It’s hamstring heartache for Australian’s Sally Pearson and Jamaican Usain Bolt, and for Ireland’s Ciarán Ó Lionáird, it’s pain in the Achilles affecting their run for the 2016 Rio Olympics. Muscle and tendon injuries can be devastating for any athlete.
Olympic Hurdler Shares Hamstring Tear Injury Details
A defiant Sally Pearson says she has more to give despite being forced to pull out of the Olympic Games in Rio with a torn hamstring.
We also have a world athletics championships next year in London. So it just depends on how this hamstring goes. I have to give it time, let my body rest.
It’s in the tendon and tendons in any part of the body are hard to get back from and they do require a lot of patience and time and care if ‘m going to get back to training and be fit and healthy. Full article…
Pearson is taking the right approach to recovering from her hamstring tear, giving her body time to rest and recover prior to training for future events. Smart athletes in all sports are taking better care of their body for improved performance and career longevity.
Usain Bolt’s Exam Reveals Grade-one Hamstring Tear Injury
Having won his semi-final in 10.04, [Usain] Bolt reported a hamstring injury and did not make it to the start line for the final.
After feeling discomfort in my hamstring after the first round last night and then again in the semi-final tonight I was examined by the chief doctor of the National Championships and diagnosed with a grade-one tear, it read.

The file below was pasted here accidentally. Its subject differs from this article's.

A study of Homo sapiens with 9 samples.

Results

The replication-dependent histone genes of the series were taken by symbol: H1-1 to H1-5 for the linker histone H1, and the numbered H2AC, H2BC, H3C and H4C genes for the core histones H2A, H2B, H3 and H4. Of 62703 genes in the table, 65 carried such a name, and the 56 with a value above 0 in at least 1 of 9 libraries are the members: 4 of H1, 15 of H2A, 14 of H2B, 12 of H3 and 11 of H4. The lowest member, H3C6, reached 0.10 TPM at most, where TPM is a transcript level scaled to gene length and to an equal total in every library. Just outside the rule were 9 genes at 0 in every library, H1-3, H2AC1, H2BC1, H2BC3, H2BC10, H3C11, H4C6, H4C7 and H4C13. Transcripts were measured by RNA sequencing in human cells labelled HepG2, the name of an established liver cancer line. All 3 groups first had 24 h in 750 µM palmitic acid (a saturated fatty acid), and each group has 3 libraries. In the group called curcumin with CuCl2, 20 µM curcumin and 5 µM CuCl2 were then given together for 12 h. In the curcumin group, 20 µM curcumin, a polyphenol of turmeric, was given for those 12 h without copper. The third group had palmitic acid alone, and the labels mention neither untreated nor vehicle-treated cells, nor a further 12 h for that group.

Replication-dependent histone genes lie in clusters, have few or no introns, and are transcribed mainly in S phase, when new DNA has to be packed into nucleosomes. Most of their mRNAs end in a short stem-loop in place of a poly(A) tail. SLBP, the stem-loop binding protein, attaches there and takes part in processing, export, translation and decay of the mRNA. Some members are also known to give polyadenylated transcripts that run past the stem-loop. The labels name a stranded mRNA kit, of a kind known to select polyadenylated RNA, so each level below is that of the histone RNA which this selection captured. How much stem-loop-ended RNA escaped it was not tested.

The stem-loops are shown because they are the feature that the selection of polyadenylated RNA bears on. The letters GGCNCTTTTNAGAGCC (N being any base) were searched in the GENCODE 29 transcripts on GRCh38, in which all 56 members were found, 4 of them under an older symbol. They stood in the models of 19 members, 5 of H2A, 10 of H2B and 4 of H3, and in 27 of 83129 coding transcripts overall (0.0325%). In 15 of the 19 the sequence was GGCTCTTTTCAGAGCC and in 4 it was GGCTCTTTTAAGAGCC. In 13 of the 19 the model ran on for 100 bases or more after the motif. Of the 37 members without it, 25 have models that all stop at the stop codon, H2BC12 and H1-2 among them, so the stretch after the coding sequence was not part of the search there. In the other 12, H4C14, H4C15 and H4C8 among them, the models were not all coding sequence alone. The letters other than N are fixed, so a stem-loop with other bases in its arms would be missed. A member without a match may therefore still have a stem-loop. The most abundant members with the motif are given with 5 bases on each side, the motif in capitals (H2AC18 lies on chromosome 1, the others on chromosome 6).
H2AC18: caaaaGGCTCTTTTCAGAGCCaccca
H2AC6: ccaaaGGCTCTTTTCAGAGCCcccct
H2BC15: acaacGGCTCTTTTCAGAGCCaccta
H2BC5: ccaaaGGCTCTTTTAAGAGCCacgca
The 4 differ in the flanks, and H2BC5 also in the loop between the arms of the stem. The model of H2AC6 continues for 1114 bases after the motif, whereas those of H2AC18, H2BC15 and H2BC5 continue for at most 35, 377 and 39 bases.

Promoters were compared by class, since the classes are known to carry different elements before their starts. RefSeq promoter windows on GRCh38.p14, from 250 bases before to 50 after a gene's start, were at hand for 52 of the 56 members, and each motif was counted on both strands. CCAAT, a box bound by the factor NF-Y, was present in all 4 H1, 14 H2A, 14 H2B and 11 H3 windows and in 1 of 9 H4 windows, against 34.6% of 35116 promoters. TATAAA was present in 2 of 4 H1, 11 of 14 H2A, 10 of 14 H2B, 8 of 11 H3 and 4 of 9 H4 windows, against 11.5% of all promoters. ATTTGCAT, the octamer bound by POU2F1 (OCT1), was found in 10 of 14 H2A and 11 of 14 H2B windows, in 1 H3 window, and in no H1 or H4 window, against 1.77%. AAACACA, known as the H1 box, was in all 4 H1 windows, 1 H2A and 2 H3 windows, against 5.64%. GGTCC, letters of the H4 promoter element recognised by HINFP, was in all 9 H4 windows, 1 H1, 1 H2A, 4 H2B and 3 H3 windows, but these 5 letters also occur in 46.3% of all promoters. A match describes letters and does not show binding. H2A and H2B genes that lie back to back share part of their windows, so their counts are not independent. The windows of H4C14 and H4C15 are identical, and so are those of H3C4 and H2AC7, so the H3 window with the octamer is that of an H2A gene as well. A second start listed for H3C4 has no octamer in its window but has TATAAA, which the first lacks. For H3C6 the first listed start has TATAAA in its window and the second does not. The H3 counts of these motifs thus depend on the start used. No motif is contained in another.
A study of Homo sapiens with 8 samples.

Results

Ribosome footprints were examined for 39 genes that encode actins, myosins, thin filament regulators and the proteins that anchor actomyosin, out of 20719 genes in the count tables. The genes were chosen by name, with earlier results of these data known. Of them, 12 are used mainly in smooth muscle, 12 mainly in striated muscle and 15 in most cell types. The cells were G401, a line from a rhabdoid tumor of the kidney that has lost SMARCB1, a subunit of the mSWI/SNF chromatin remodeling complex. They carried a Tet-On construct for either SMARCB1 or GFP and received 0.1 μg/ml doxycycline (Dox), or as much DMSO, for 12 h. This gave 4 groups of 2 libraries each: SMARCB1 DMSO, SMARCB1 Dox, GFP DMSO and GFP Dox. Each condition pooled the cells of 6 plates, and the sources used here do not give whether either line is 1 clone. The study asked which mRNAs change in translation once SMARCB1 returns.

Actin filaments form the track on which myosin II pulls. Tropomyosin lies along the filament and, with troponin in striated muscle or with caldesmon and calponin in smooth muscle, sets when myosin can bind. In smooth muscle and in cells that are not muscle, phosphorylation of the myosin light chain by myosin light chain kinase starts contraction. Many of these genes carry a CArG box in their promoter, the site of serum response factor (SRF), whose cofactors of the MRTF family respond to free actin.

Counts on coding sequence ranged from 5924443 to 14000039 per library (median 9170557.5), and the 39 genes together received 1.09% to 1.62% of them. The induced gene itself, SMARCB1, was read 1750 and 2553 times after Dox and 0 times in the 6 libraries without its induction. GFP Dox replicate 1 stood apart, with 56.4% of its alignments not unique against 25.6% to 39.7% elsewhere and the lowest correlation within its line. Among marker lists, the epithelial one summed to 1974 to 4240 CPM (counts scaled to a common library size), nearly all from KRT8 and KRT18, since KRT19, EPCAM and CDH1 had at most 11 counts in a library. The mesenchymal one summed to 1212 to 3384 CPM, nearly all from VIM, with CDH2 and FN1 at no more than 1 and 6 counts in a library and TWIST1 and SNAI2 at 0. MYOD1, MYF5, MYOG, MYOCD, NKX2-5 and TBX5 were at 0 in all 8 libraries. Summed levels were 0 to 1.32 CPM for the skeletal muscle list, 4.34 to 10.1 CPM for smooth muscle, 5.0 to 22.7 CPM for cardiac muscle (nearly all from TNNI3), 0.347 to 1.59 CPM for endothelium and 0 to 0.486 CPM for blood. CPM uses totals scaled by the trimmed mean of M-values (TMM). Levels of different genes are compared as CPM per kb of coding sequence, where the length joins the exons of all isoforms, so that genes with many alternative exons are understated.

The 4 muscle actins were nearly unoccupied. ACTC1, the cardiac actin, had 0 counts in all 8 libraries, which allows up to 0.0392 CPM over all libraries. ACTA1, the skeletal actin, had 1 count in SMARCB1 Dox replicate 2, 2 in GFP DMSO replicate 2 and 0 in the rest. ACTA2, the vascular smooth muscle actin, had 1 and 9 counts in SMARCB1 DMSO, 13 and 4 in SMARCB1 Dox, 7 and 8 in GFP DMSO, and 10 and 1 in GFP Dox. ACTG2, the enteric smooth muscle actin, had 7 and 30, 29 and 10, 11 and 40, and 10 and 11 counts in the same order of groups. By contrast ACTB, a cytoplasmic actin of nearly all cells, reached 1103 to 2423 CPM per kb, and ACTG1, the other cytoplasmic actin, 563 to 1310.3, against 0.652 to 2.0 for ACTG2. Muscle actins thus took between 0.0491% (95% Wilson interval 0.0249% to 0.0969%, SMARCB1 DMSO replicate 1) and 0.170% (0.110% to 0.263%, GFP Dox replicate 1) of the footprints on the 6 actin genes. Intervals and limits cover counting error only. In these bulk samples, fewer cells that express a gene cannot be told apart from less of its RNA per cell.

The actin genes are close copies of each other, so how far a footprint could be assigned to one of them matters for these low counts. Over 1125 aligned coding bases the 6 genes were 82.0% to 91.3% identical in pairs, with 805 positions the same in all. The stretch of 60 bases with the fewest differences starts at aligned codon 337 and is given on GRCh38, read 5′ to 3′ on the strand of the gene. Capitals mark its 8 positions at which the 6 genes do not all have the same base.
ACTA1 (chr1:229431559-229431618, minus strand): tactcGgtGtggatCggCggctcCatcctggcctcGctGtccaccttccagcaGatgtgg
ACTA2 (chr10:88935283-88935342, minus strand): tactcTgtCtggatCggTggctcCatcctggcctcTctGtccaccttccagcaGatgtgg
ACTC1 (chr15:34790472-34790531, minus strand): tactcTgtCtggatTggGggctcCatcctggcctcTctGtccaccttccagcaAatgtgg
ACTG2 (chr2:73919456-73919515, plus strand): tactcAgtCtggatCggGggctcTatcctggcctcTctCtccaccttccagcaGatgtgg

I have submitted a medical exemption to be excused from the 100m final and the remainder of the National Championships.
I will seek treatment immediately and hope to show fitness at the London Anniversary Games on July 22 to earn selection for the Olympic Games in Rio.
Let’s hope Bolt receives the right bodywork treatment so he recovers from his hamstring tear lightening fast.
Achilles Pain Ends Olympic Runner’s Ambitions
At the age of 28, Ciarán Ó Lionáird has decided to take an extended break from athletics after injuries put an end to his Olympic ambition. Having stepped off the track for what may be the final time, he’s accepted a truth that for so long he tried to reject: his race, it seems, is run.
A year before the renowned physical therapist Gerard Hartmann had told him the blunt truth that if he wanted to continue as an elite athlete, he would have to deal with pain in his Achilles for the rest of his career.
Three weeks ago in Portland, he reached breaking point. Having developed pain in his other Achilles weeks beforehand, Lionáird stepped off the track midway through a 1,500m race, knowing the door was finally closed on his Olympic dream. Full Article…
Hats off to Lionáird for staying with his injury rehab program and positive attitude while training. While he has shifted his focus to life outside the track, he’s not ready to use the R-word.